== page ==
The Wonderful Wizard of Oz – 22 – The Country of the Quadlings

Chapter 22 – The Country of the Quadlings

The four travelers passed through the the rest of the forest safely. And when they came out of the forests, they saw a steep hill, which was covered from top to bottom with rock.

“That will be a difficult climb,” said the scarecrow, “but we have to get over the hill.”

So he led the way and the others followed. They had nearly reached the first rock when they heard a rough voice cry out, “Keep back!”

“Who are you?” asked the scarecrow.

Then a head appeared from behind the rock and the same voice said, “This hill belongs to us and we don’t allow anyone to cross it.”

“But we must cross it,” said the scarecrow. “We are going to the country of the Quadlings.”

“But you won’t!” replied the voice, and stepped out from behind the rock. He was the strangest man that the travelers had ever seen. He was quite short and stout and had a big head, which was flat at the top and supported by a thick neck full of wrinkles. But he had no arms at all, and, seeing this, the scarecrow did not fear him. Such a helpless creature could not prevent them from climbing the hill. So he said:

“I’m sorry that I’m ignoring your wishes, but we must pass over your hill, whether you like it or not,” and he walked boldly forward.

As quick as lightning, the man’s head shot forward and his neck stretched out until the top of the flat head struck the scarecrow in the middle and sent him tumbling, over and over, down the hill. Almost as quickly as it came, the head returned to the body. The man laughed harshly and said, “It won’t be as easy as you think!”

A chorus of laughter came from the other rocks. Dorothy saw hundreds of armless Hammer Heads on the hillside, one behind every rock.

The lion became quite angry at the laughter, and giving a loud roar that echoed like thunder, he dashed up the hill.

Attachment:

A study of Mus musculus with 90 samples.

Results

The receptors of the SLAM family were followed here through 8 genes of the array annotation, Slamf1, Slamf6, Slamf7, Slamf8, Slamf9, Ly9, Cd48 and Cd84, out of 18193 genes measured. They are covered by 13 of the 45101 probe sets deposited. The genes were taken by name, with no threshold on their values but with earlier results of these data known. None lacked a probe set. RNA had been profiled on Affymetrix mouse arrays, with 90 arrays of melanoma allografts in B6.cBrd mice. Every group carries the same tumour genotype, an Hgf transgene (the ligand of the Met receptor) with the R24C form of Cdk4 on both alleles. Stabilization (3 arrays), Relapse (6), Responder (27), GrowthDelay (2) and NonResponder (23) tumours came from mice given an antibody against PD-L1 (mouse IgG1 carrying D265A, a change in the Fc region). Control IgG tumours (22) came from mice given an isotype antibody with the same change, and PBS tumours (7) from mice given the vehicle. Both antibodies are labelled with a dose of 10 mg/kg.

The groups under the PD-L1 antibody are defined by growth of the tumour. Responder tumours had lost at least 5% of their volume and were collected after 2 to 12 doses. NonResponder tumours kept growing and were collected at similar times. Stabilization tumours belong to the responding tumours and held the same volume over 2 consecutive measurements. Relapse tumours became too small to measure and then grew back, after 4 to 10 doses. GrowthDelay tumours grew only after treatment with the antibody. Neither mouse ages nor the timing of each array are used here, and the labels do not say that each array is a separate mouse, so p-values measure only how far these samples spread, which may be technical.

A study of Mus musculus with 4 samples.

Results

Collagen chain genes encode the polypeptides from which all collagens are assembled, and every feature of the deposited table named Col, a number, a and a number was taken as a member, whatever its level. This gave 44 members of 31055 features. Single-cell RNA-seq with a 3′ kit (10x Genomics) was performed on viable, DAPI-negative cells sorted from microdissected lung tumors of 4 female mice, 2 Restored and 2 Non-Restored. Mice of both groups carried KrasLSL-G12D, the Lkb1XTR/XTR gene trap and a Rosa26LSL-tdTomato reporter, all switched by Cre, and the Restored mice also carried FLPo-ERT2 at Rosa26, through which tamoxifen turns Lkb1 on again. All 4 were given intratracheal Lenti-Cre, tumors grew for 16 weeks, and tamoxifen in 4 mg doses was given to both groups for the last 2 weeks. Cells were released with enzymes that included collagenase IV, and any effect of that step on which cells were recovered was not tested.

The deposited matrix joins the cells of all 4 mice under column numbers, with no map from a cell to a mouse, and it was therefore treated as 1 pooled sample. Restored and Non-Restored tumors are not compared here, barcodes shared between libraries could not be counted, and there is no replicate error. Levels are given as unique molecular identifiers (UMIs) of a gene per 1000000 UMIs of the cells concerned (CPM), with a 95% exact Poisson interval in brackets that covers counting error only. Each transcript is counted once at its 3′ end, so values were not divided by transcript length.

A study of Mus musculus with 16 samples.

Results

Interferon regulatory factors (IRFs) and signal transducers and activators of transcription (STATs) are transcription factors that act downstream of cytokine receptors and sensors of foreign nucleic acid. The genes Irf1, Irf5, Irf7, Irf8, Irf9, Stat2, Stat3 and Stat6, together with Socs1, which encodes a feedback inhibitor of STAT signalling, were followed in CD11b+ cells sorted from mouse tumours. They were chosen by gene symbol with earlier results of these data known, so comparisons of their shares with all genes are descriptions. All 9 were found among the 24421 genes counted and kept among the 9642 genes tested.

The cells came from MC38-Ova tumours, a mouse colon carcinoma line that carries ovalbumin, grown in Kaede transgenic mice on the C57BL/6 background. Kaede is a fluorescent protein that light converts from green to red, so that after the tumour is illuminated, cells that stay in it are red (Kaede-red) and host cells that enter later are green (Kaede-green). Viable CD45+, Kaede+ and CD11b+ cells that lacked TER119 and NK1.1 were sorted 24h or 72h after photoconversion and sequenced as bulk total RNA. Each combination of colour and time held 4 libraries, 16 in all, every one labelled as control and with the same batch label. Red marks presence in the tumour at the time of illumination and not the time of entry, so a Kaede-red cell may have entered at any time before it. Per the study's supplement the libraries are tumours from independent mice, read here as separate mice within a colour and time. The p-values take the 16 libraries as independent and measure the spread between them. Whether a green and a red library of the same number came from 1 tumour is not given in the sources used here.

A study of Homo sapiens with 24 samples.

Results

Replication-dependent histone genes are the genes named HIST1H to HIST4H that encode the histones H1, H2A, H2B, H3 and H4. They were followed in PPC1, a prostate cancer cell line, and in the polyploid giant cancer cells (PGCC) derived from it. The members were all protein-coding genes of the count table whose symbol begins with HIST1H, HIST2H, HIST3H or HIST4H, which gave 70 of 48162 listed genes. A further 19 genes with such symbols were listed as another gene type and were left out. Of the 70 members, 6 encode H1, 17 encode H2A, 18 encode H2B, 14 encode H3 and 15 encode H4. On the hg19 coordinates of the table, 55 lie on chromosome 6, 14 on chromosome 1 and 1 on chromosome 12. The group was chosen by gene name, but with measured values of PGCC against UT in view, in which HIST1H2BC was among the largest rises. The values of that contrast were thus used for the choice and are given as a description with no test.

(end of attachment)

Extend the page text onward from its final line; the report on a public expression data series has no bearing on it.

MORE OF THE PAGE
Again a head shot out, and the great lion went rolling down the hill as if he had been struck by a cannon ball.

Dorothy ran down and helped the scarecrow to his feet. The lion came up to her, feeling bruised and sore, and said, “It is useless to fight people with shooting heads. No one can beat them.”

“What can we do, then?” she asked.

“Call the Winged Monkeys,” suggested the tin man. “You still have the right to command them once more.”

“Very well,” she answered, and she put on the Golden Cap and uttered the magic words. The monkeys were as prompt as ever, and in a few moments, the entire band stood in front of her.

“What are is your command?” asked the King of the Monkeys, bowing low.

“Carry us over the hill to the country of the Quadlings,” answered the girl.

“Certainly,” said the king. The Winged Monkeys grabbed the four travelers and Toto and flew away with them. As they passed over the hill, the Hammer Heads yelled with anger and shot their heads high in the air, but they could not reach the Winged Monkeys. Dorothy and her friends were carried safely over the hill and set down in the beautiful country of the Quadlings.

“This is the last time you can summon us,” said the leader to Dorothy, “So goodbye and good luck to you.”

“Goodbye and thank you very much,” returned the girl, and the monkeys rose into the air and flew out of sight.

The country of the Quadlings seemed rich and happy. There were a lot of fields, well paved roads, and pretty rippling brooks with strong bridges. The fences, houses and bridges were all painted bright red, just as they had been painted yellow in the country of the Winkies and blue in the country of the Munchkins. The Quadlings, who were short, fat and chubby, seemed be to good natured. They were dressed in all red, which was looked bright next to the green grass and yellow fields.

The Monkeys had set them down near a farmhouse and the four travelers walked up to it and knocked at the door. It was opened by the farmer’s wife and when Dorothy asked for something to eat, the woman gave them all a good dinner. They were even given three kinds of cake and four kinds of cookies. Toto drank a bowl of milk.

“How far is it to the Castle of Glinda?” asked Dorothy.

“It isn’t far,” answered the farmer’s wife. “Take the road to the south and you will soon reach it.”

Thanking the good woman, they started afresh and walked by fields and across pretty bridges until they saw a beautiful Castle. In front of the gates, there were three young girls, dressed in beautiful red uniforms decorated with gold. As Dorothy approached, one of them said to her:

“What have you come to the South Country?”

“To see the Good Witch who rules here,” she answered. “Will you take me to her?”

“Let me have your name, and I will ask Glinda if she see you.”

They gave their names and the soldier went into the castle. After a few moments, she came back to say that Dorothy and the others could see her right away.


Published by Judy Shinohara

Hello! I’m Judy, living in Osaka! I love teaching English to my students. In my free time, I enjoy simple gardening, reading and writing, art, and watching Netflix.